Australian author, now living in England, Kathy Lette, entertains her predominantly female audience writing books describing the battle of the sexes within and outside marriage. Recently I have read three of her books, Dead sexy, How to kill your husband (and other handy household hints) and To love, honour and betray (till divorce do us part).
In Dead Sexy music teacher Shelley discovers that her students have entered her in reality television program where, based on computer matching, she will meet her perfect man. Substantial prize money will be provided if she and Kit Kincade decide to marry and enjoy a honeymoon on a French run African island, observed of course by a film crew for a television program. Shelley decides to take the risk but then the intrigue starts. Who really is the man she married? Why does he disappear immediately after the wedding and then insist on separate rooms on the island? With the obnoxious television crew attempting to follow her every move Shelley encounters betrayal, revolution, a cyclone and a volcanic eruption as she discovers the true story of Kit Kincade and also re-evaluates her life.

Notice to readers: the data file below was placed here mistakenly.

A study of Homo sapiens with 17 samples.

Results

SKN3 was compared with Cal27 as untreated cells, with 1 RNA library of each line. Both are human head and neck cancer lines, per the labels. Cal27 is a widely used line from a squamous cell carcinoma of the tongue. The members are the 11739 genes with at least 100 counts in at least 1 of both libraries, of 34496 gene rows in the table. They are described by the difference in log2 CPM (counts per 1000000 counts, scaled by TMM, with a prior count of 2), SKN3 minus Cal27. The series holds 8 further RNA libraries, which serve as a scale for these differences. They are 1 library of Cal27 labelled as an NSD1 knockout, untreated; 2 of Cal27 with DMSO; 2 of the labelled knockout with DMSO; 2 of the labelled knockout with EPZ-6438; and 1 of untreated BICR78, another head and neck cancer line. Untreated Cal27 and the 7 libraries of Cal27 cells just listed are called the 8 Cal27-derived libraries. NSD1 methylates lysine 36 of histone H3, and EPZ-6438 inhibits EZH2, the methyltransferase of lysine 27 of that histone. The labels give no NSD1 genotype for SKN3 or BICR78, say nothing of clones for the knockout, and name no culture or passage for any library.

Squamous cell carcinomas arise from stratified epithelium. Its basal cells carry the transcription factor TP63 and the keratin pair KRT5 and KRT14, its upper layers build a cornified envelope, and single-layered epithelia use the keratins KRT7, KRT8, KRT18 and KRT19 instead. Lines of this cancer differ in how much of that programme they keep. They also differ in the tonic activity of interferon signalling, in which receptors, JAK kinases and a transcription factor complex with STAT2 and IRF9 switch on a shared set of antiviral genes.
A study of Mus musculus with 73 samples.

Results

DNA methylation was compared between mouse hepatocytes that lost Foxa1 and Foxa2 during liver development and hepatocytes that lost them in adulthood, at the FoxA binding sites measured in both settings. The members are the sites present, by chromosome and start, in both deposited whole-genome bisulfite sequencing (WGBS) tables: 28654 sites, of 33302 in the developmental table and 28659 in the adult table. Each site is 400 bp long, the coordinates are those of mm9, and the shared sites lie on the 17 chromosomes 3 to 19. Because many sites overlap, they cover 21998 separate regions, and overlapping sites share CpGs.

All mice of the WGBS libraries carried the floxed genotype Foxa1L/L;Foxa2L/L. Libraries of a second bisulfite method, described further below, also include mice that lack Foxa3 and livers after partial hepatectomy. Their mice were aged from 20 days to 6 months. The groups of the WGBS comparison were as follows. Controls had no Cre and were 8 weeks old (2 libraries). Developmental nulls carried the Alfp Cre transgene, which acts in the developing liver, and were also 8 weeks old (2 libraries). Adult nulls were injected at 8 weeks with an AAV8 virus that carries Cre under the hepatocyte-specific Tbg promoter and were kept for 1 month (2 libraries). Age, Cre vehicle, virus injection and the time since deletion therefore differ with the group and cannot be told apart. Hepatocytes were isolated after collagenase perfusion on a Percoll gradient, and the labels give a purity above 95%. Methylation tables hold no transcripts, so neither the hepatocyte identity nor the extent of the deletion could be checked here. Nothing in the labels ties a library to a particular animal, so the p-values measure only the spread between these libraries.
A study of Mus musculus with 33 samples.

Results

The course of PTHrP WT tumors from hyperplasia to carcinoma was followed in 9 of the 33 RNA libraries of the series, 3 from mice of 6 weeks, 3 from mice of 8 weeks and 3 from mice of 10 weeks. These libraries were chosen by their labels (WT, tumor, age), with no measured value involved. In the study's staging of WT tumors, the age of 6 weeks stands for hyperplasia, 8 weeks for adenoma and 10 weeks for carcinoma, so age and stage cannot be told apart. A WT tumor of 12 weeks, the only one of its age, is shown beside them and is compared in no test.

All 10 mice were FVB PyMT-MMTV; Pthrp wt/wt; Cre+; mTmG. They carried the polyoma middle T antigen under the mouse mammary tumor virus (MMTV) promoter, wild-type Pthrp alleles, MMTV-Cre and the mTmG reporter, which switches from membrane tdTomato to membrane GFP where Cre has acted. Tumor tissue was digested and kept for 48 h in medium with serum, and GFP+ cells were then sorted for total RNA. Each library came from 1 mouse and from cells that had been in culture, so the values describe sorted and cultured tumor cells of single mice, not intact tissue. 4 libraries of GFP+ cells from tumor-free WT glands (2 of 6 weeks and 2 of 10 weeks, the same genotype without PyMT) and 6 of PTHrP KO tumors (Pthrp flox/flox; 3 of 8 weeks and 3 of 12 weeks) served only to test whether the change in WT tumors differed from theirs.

How to kill your husband follows the realtionships of three friends aged 40 + years who regularly meet to gossip and discuss their families. Cassie is a school teacher and mother and is married to a vet who does not see the need to help her with household chores. Hannah owns an art gallery and is married to a young artist who enjoys spending the money she earns. Jazz is married to a doctor well known for his medical work in Africa as well as running his practice. She does not need to work and they have a teenage son. When Jazz is accused of murdering her husband Cassie agrees to help her clear her name. The realtionships of the three women are tested in this amusing commentary men and sex and expectations in marriage.
In To love, honour and betray, Lucy, Jasper and their two daughters have moved to Australia where Jasper has a new job. Once settled at Cronulla Lucy discovers that Jasper has also brought his mistress who Lucy thought was her best friend. Lapsing into a world of self pity Lucy is determined to win Jasper back. Further complicating her life is the challenge of bringing up two daughters, one a rebellious teenager. With new friends and the attempt to win her bronze medallion she eventually regains some self respect as she attempts to sort out her life and protect her family.
Kathy Lette's are humourous chic lit providing commentary on domestic and sexual discord and concentrating on the differences between the sexes.